01 February 2013

Imprint Friday: Revenge by Yoko Ogawa

Welcome to Imprint Friday and today's featured imprint: Picador USA. Stop by each week to be introduced to a must-read title from one of my favorite imprints. I know you'll be adding many of these books to your wish list.

I've always liked Japanese fiction and was taken by the simple beauty of Yoko Ogawa's writing in The Housekeeper and the Professor. When I heard Picador was publishing a new collection of her stories, I couldn't wait to get reading. The cover of Revenge I show here, calls the work "a novel." But the advanced reader's copy that I have calls it "eleven dark tales." Before I get into that issue, here's the publisher's summary:

Sinister forces collide--and unite a host of desperate characters--in this eerie cycle of interwoven tales from Yoko Ogawa, the critically acclaimed author of The Housekeeper and the Professor.

An aspiring writer moves into a new apartment and discovers that her landlady has murdered her husband. Elsewhere, an accomplished surgeon is approached by a cabaret singer, whose beautiful appearance belies the grotesque condition of her heart. And while the surgeon’s jealous lover vows to kill him, a violent envy also stirs in the soul of a lonely craftsman. Desire meets with impulse and erupts, attracting the attention of the surgeon’s neighbor--who is drawn to a decaying residence that is now home to instruments of human torture. Murderers and mourners, mothers and children, lovers and innocent bystanders--their fates converge in an ominous and darkly beautiful web.

Yoko Ogawa’s Revenge is a master class in the macabre that will haunt you to the last page.
While there is no question these tales are dark, Revenge is not a book of horror, nor is it exactly depressing. And although I could relate to some of Ogawa's characters, there a couple whom I'd not want to meet or cross. Murder, death, and loss fill the pages, but so do personal relationships and a deep humanity.

I particularly loved the way the stories interconnected to create a complete circle. In some cases, the connection was only a small detail, such as strawberry shortcake or a tiger, and it was like finding a treasure when I spotted the link. Other stories are much more solidly part of the whole, creating a strong foundation for the book. For example, we learn of a married man in an early story and meet his wife in a late one, and in this way Ogawa binds several plot points together.

Do such bridges make a collection of stories a novel? I'm not sure, but I don't think it matters very much. Each tale in Revenge propelled me forward and kept me focused on both the overarching themes as well as the links. Although the stories could be read singly, it would be a mistake. Ogawa has ordered them very carefully, taking us back and across through time, developing tension and keeping our curiosity alive. By the end, we're back to the beginning and may even start reading a second time.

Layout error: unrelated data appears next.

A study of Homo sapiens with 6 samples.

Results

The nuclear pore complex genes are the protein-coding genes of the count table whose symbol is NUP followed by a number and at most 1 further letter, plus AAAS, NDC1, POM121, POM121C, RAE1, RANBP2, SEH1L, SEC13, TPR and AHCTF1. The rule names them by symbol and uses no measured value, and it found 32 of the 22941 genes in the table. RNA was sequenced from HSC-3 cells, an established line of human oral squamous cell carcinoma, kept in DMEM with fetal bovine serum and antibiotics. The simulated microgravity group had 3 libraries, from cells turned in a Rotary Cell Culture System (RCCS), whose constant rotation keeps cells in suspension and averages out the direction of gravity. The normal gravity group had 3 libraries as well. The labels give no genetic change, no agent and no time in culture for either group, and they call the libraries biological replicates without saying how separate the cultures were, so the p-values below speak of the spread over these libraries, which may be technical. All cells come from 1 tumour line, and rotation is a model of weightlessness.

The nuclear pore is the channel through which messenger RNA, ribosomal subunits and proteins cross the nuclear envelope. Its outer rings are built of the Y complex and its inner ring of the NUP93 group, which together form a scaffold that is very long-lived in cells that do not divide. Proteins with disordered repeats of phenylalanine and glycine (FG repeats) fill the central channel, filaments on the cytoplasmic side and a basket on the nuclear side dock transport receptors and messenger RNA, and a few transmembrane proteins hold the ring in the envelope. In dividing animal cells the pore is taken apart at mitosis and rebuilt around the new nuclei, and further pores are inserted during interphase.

As many others have pointed out, Yoko Ogawa is a master at pulling us deep into fray and then rescuing us through perfectly timed pauses that let us focus on the beauty of everyday life. Revenge is no exception: From the dreadful plans of the bag-maker to the sights and sounds of the square outside the bakery, Ogawa captures our attention, and we're lost in her strange, dark world.

Picador USA is a featured imprint on Beth Fish Reads. For more information about the imprint, visit the Picador's website. While there, take a look at the Picador book club and reading guides and sign up for their newsletters. For up-to-date news, don't miss their Tumblr site or Facebook page and follow them on Twitter.

Buy Revenge at an indie or at a bookstore near you. (Link leads to an affiliate program.)
Published by Macmillan / Picador 2013
ISBN-13: 9780312674465

Copyright © cbl for Beth Fish Reads, all rights reserved (see review policy).


Unknown 2/1/13, 6:47 AM  

Wow, kind of creepy first thing in the morning. Not familiar with this author, I adore how you educate and broaden my reading horizons!

(Diane) Bibliophile By the Sea 2/1/13, 7:10 AM  

I love the sound of these stories. I have a copy and can't wait to delve in.

Sandy Nawrot 2/1/13, 7:15 AM  

This sounds like something right up my alley.

Julie P. 2/1/13, 8:17 AM  

Very interesting but I'm not sure they are for me. I'm a wimp!

Jenn's Bookshelves 2/1/13, 8:46 AM  

Great minds think alike :)

JoAnn 2/1/13, 9:58 AM  

Another book for my wish list - thanks!

Beth Hoffman 2/1/13, 11:19 AM  

You have totally hooked me!

Zibilee 2/1/13, 11:36 AM  

I, too, loved her first book, and vowed that I would read anything else that she published after reading it, so this is a no-brainer for me. I do think it sounds dark, but I am glad to hear that that it was more than that, and that you loved it. I can't wait to grab a copy for myself!!

Daryl 2/1/13, 12:03 PM  

sounds a bit like The Imperfectionista in structure

Daryl 2/1/13, 12:04 PM  

not Imperfectionista .. Imperfectionist GAH

Ali 2/1/13, 3:20 PM  

I really enjoyed The Housekeeper and the Professor. Good to know she has a new one out. Whether it's a novel or collection of short stories (I'd vote for the latter, based on your description) it sounds like it's worth reading.

bermudaonion 2/1/13, 3:58 PM  

I don't think I've ever read any Japanese fiction but I do own The Housekeeper and the Professor. I think I'll try that before getting this one.

Jenners 2/5/13, 8:18 PM  

Japanese fiction is always unique and interesting and usually disturbing at some level. I'll have to check this out.

Mel u 2/15/13, 6:51 AM  

I read and really enjoyed this collection of dark stories also. Your excellent post does a very good job creating the feel of the stories,very understated feeling of horror.